Born in a Small Town

Veena Thomas

Small towns are a great place to grow up. But how about once you’ve grown?

Welcome to Brookfield, Connecticut, the kind of town which gives new meaning to the words “quintessential,” “New England,” and “Norman Rockwell,” the kind of place where time seems to stop. Last year when I came home for spring break, the most notable new development in town was the addition of a new right-hand turn lane in the center of town. We were now permitted to make right turns on red. How exciting!

Running errands around a small town is always an adventure. It’s best not to go out looking like a slob because there’s no way to escape seeing someone familiar. Have to go to the library? Say hi to all of the librarians behind the circulation desk. After all, they’ve known you since you were in diapers and chewed up the books. They’re the ones who put up with you all those countless hours you volunteered there, putting away the books, and they hired you to work there after school. You grew up with their kids. Make sure that your library books aren’t overdue, because otherwise you’ll regret the feelings of guilt that you get admitting to all the librarians that you couldn’t return your books on time.

People in small towns watch out for each other. Having read and loved Desmond Morris’s field guide to human behavior Manwatching when I was younger, I decided to check out his anthropological study of man, The Naked Ape. Imagine my surprise when one of the librarians expressed her concern to my mom that I was checking out books with the work “naked” in the title. I had to explain to everyone involved that it was a nonfiction book for a school report, not pornographic literature. No wonder I’m still too embarrassed to check out Glamour magazine from my library -- what if the librarians decide to question my mom about my choice of reading material?

Just as people watch out for each other in small towns, they also gossip about what they see. There’s only a limited number of places for high school students to find after-school jobs, leading to a proliferation of teenagers working in the grocery store and local drugstore. Some even fill your prescriptions. They know what you buy and what embarrassing medication you’re taking, and not everyone keeps the information to themselves. Hence people at school whispered about their unmarried teacher who regularly refilled her prescription for birth control pills.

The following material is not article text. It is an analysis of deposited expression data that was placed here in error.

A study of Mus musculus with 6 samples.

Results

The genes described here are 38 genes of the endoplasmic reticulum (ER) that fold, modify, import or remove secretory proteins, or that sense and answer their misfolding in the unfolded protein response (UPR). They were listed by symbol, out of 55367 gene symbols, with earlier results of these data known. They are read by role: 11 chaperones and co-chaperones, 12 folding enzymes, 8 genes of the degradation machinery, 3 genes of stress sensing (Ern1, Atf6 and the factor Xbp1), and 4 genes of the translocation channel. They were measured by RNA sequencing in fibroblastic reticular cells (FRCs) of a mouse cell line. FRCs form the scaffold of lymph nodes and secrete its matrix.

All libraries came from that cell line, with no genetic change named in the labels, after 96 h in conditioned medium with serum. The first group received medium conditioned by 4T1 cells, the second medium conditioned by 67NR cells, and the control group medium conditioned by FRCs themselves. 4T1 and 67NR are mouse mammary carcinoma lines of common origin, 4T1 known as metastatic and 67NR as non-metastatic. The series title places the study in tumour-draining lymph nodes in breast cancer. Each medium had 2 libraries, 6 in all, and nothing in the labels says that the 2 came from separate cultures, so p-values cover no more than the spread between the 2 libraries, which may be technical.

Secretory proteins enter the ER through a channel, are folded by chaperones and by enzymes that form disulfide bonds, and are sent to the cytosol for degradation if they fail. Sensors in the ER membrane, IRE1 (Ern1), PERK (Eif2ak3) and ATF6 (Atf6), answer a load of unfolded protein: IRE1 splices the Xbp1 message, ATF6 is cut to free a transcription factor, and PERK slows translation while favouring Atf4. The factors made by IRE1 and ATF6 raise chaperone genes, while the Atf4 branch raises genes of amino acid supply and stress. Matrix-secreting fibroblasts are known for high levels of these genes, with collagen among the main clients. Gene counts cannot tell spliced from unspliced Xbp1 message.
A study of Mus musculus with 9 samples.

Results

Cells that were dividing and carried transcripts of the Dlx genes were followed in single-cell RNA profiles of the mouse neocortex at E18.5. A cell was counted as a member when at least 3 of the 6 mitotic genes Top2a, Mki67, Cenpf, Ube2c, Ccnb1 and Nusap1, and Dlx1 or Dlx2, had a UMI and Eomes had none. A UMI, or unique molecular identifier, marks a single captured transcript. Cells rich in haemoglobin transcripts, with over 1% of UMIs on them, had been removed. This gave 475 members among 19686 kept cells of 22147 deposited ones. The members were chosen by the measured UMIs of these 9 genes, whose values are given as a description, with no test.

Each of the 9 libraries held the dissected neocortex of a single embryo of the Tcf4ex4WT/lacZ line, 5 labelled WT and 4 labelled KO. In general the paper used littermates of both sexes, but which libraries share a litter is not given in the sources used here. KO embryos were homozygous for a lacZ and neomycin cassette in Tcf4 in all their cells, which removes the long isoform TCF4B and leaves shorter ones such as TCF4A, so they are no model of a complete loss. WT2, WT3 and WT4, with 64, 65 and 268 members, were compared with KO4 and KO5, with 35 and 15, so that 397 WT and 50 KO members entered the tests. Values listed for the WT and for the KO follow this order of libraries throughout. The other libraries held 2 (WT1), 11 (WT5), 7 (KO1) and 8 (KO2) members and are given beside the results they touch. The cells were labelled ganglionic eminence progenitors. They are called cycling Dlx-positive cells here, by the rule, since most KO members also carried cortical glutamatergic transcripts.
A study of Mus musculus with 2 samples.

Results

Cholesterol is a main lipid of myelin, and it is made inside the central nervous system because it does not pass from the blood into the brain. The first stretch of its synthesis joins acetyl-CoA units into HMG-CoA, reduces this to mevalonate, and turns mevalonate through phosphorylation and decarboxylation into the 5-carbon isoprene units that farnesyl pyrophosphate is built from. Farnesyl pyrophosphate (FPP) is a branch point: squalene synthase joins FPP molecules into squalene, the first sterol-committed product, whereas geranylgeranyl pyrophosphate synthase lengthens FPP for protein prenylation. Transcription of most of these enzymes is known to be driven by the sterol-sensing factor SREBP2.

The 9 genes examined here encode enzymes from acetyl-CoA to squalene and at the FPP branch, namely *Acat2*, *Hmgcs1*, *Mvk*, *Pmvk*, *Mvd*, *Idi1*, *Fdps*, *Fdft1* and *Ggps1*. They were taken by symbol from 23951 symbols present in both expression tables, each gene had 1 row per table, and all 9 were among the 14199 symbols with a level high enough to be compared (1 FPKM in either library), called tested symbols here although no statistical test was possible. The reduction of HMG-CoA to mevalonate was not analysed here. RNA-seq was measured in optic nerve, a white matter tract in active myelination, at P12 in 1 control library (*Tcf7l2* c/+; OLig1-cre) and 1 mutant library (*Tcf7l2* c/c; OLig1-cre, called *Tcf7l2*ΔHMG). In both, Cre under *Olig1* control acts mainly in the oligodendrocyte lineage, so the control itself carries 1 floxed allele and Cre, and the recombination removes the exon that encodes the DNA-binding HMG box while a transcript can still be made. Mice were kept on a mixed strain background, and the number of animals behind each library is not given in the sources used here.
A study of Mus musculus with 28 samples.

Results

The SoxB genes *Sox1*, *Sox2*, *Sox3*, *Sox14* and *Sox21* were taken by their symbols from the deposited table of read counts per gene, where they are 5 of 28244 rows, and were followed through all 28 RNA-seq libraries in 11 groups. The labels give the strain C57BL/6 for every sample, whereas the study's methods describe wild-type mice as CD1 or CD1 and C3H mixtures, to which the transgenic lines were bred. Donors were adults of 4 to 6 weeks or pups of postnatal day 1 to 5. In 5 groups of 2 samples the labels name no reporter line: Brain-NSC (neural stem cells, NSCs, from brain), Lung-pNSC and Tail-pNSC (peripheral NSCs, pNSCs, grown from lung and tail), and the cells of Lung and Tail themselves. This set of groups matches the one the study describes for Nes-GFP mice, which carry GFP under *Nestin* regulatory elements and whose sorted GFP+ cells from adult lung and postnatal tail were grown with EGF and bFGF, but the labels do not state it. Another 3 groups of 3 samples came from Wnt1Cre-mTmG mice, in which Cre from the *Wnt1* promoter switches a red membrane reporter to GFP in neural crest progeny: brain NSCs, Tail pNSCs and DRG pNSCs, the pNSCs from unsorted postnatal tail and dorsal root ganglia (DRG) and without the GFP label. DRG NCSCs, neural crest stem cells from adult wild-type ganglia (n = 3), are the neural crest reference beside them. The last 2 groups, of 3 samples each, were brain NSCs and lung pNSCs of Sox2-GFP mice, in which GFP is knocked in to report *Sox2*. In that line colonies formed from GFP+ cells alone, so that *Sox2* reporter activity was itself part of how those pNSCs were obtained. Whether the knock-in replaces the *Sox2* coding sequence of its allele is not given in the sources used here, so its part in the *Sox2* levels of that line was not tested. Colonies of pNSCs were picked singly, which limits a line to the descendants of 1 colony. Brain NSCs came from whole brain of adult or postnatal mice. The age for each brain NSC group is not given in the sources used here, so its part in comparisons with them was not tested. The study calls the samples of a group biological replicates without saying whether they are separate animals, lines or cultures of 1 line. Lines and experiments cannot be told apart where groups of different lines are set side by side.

Going places around a small town is somewhat of an ego boost. Everyone who recognizes you and stops and talks remembers you from your high school days of glory, back when you were somebody. “Oh, college must be easy for you,” they say, not knowing about all those nights you struggled with seemingly impossible problem sets, or studied for hours, only to barely make class average. Not wanting to disappoint them, you smile and say, “Well, I work hard,” and leave it at that. It’s nice to come back to your roots, and to have some people still believe in you and your abilities, even when you’re not so sure anymore.

As we approached graduation, our mantra was “I can’t wait to get out of Brookfield.” Everyone was sick of each other, since most of us had attended school together for as long as we remembered. You know you’re in a small town when there’s something called the 13 Year Club, composed of everyone who’s been in the school system since kindergarten -- and it’s fully a third of the class.

So why is it that now, two years after graduation, we’ve become closer than ever? Casual acquaintances have turned into friends, and we talk more to some people now than we ever did in four years of high school. A chance encounter in a gas station can turn into a real conversation, both people genuinely concerned about the other. Perhaps knowing each other for thirteen years, watching people grow, and finally graduating together in a class of 150 creates a special kind of bond, and links people forever.

While you may be just starting college, happy to finally be leaving your small town, don’t underestimate all that small towns have to offer. Sure, they may lack the excitement and bustle of a major city like Boston, and they may provide no further entertainment options than cow-tipping. However, on those lonely nights at college when you feel lost in the crowd and feel like no one knows you, don’t be surprised if you find yourself missing the one place to which you swore you’d never return. Sometimes it takes leaving to let you fully appreciate coming home.